The power of women on pathways to net-zero emissionsHow are we going to change the world with half the world’s population under-represented?

Blog - July 9, 2020 - By Linda Coady
Pembina Institute Executive Director Linda Coady

Pembina Institute Executive Director Linda Coady

When we think about transforming our energy systems, we need to make sure that transformation happens in a way that is not only innovative and capable of meeting society’s need for energy, but also considers the role of women.

As a Western Canadian woman committed to building a new energy economy, my views are shaped by the fact I am a born and bred British Columbian who recently lived in Calgary for six years when I was working as the chief sustainability officer for Enbridge. And now it is a real honour for me to lead the Pembina Institute — a unique Alberta-born Canadian think- and do-tank working on the transition to a net-zero emissions energy future and, perhaps equally important in the pandemic world, a net-zero emissions energy workforce.

banner for New Energy Economy Women and the energy transitionRecently I had the opportunity to join some standout Albertan women — Sheena Wilson, PhD, principal investigator of the University of Alberta’s Just Powers research initiative, Katie Smith, executive director of Alberta-based Young Women in Energy and Nagwan Al-Guneid from the Energy Futures Lab and president of Ask Her YYC — for a discussion about the role of women in this changing energy landscape. In this conversation, and in past experiences, I have found that regardless of career history or geography, the tie that unites almost all of us is a fundamental belief that the world’s energy systems are changing, that the Canadian energy sector needs to be part of that global change, and, in some instances, can even help lead it.

We have already seen an amazing group of women in the medical profession step forward to lead the public health fight against the coronavirus in this country — Dr. Bonnie Henry in B.C., Dr. Deena Hinshaw in Alberta and Dr. Teresa Tam in Ottawa (to name only a few). And an equally amazing and enterprising group of women already have and will continue to step forward to navigate the role that energy innovation and diversification can play on the pathways to net-zero emissions. One of the great strengths of this particular group of women will be their diversity, because they come from both small and large businesses and industries, government, academia, non-profit organizations, and local and Indigenous communities (to name only a few).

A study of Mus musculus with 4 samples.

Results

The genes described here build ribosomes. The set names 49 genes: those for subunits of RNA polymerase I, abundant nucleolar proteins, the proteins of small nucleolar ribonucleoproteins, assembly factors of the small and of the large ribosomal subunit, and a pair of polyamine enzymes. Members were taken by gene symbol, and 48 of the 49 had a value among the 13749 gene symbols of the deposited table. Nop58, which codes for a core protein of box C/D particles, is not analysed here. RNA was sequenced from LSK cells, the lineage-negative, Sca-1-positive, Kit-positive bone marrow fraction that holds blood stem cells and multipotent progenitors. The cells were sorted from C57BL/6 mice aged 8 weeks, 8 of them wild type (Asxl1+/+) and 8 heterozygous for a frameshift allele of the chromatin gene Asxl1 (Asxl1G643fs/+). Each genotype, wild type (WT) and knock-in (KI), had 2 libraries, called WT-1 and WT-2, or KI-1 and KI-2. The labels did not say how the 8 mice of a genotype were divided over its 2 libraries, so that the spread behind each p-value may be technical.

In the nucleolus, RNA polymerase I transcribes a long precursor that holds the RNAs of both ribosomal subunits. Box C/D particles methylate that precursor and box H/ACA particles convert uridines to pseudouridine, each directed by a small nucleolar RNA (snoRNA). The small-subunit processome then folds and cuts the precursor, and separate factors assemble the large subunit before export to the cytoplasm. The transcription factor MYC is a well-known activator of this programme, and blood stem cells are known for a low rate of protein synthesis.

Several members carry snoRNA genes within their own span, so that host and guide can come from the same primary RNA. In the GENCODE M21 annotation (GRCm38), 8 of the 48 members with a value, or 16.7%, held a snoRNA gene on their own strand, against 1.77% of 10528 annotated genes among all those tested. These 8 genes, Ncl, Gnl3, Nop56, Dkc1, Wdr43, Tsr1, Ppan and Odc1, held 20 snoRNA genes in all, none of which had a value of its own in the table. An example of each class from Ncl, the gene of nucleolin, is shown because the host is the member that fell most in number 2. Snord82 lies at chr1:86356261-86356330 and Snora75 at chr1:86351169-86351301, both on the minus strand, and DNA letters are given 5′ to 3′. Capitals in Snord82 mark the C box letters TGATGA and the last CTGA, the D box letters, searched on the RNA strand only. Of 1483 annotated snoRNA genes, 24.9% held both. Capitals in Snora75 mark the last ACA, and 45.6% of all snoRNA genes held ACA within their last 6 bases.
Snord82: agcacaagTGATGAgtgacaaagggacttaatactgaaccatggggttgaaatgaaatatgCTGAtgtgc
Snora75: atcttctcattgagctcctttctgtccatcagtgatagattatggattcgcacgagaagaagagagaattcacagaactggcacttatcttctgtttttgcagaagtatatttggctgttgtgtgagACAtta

At the Pembina Institute, our team of 50 does pretty well on some gender metrics. Our executive and management teams are north of 60% female. But until recently, women made up only 10% of our board — a number we are actively working to improve. With good reason.

According to the International Energy Agency (IEA), women are significantly under-represented in the energy sector. We make up:

  • 23 per cent of total employees;
  • 20 per cent of board of directors;
  • and 18 per cent of management.

I know some Canadian companies and organizations perform a lot better than these averages. But there is still a lot of room for improvement. I mean, really, how are we going to change the world with half the population of the world under-represented?

We all know how hard women work. For our families, our friends, our employers, our teams. According to Diversio (a company that helps organizations achieve diversity and inclusion goals and supports Natural Resources Canada’s Equal by 30 Initiative), the value women bring to the workplace is real and measurable:

  • Having women in leadership in the energy sector is associated with an 11 per cent increase in profits;
  • Organizations with leadership diversity are 70 per cent more likely to report capturing a new market;
  • Companies with gender diverse boards receive significantly higher scores on ESG performance metrics.

That’s just the start of the good business case for parity, but this is about so much more than the bottom line. Because, as the IEA also notes, many studies show that greater gender equality brings even broader economic, social, health and environmental benefits to all. And as a nation, we are coming to grips with some startlingly disproportionate social and economic impacts right now. We are dealing with significant social and economic disparity on the impact of the pandemic on lives and livelihoods. And we have already experienced first-hand some of the disproportionate risk and impact that climate change can have on communities and vulnerable populations that can least afford it.

For all these reasons, the need for greater diversity and inclusion is emerging as a critical component in any strategy for resilience in a world that is going to continue to be subjected to new global shocks and disruptions. It isn’t just women working in energy who have a stake in the transition to a new energy economy. The reality is that today, in Canada and the rest of the world, we all do.


Linda Coady

Linda Coady is the executive director of the Pembina Institute, Canada’s foremost think tank on energy and environmental issues.